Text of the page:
Water Cooling System Slowly Loses Fluid - Also, advice on adding gpu waterblock


Any help is very appreciated

Also, I am adding a GPU waterblock soon. Will it affect the CPU(high overclock) much to have it in the loop before the CPU waterblock? I do have a EK 360 radiator with 3 120mm fans so I am not worried about the system being able to handle the added heat, just a little concerned about how much more heat the water will be able to carry after being passed through the gpu.

Posts: 68

i would put the gpu after the cpu rather than before it, since your overclocked, and plus gpu's run very hot, as for leaking, if you are using dyed fluid, you can put a white piece of paper under and area where you have w/c hardware, like the bottom of your case, is your radiator on the inside or outside, if its on the outside, place one under it outside as well, this will track a leak after the water has evaporated, as it will dye the paper, if its leaking slowly like you say. your not going to see a pool of fluid, monitor that for about a week, it will help you find out if there is indeed a leak, and if there is, i would reconnect all your hoses and secure them tightly, and run the system outside the computer to better monitor the connections.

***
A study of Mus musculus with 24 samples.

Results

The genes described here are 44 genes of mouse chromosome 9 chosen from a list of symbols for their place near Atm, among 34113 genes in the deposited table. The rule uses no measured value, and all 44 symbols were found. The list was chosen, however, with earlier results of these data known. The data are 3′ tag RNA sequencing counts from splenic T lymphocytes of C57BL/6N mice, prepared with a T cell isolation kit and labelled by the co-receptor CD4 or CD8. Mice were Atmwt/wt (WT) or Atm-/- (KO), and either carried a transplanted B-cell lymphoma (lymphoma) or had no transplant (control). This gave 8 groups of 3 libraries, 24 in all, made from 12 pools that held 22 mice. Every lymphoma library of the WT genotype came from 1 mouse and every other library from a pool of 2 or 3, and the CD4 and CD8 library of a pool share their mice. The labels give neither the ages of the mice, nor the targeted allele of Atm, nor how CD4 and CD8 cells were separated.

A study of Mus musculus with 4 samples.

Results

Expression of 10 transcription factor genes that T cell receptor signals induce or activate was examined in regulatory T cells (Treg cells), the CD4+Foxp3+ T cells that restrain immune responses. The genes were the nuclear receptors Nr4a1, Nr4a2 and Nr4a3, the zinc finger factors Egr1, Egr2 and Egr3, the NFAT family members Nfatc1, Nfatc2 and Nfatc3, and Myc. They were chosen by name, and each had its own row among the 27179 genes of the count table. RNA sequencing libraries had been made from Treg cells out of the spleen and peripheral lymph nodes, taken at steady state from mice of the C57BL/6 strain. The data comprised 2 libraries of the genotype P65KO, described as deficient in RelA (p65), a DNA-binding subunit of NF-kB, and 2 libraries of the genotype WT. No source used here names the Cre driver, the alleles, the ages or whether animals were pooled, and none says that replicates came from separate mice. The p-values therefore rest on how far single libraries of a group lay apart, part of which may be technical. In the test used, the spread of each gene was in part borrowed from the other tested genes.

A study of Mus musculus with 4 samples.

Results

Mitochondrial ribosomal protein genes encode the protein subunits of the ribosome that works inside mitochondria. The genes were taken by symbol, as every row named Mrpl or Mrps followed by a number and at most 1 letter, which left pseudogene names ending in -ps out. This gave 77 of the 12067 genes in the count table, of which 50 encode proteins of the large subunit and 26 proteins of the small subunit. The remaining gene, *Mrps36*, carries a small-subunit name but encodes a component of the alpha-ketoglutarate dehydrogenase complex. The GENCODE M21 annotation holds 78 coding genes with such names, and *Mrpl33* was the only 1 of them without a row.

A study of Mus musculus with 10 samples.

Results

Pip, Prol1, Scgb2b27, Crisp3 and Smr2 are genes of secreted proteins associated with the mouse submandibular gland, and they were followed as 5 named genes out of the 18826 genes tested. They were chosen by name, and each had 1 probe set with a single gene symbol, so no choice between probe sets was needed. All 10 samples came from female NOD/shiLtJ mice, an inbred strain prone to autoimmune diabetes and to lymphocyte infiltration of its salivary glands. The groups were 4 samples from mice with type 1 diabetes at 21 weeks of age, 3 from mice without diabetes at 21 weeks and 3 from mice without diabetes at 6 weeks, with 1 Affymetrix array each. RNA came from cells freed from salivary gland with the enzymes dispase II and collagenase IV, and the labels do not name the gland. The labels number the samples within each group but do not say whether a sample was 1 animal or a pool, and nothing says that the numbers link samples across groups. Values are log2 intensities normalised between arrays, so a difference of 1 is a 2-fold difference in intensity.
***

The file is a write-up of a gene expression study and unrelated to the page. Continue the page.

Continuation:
Andreas Hofer
Posts: 121

Most tubes you will find in water cooled systems will leak small amounts of water over time. Some materials tend to leak much more than others. I've had similar problems in the past with my water cooled workstation PC (almost no water in the reservoir after 6 months, the pump suddenly made some strange noises because of all the air sucked in and performance dropped dramatically). I've replaced all tubes with stainless steel tubes, like the ones used in bathrooms, just a little smaller, to solve the issue. Note that those tubes come with various fittings, choose the one suitable for your configuration.

The reasons why you should place your CPU first is that not only do GPUs get very hot, they were also designed to handle those high temps. Although I doubt that you will reach those temps with a decent water cooled setup. If you would like the temperature to drop a little further (maybe because you'd like to have some room for OC your GPU) you could place another radiator between CPU and GPU (also known as inter-cooler).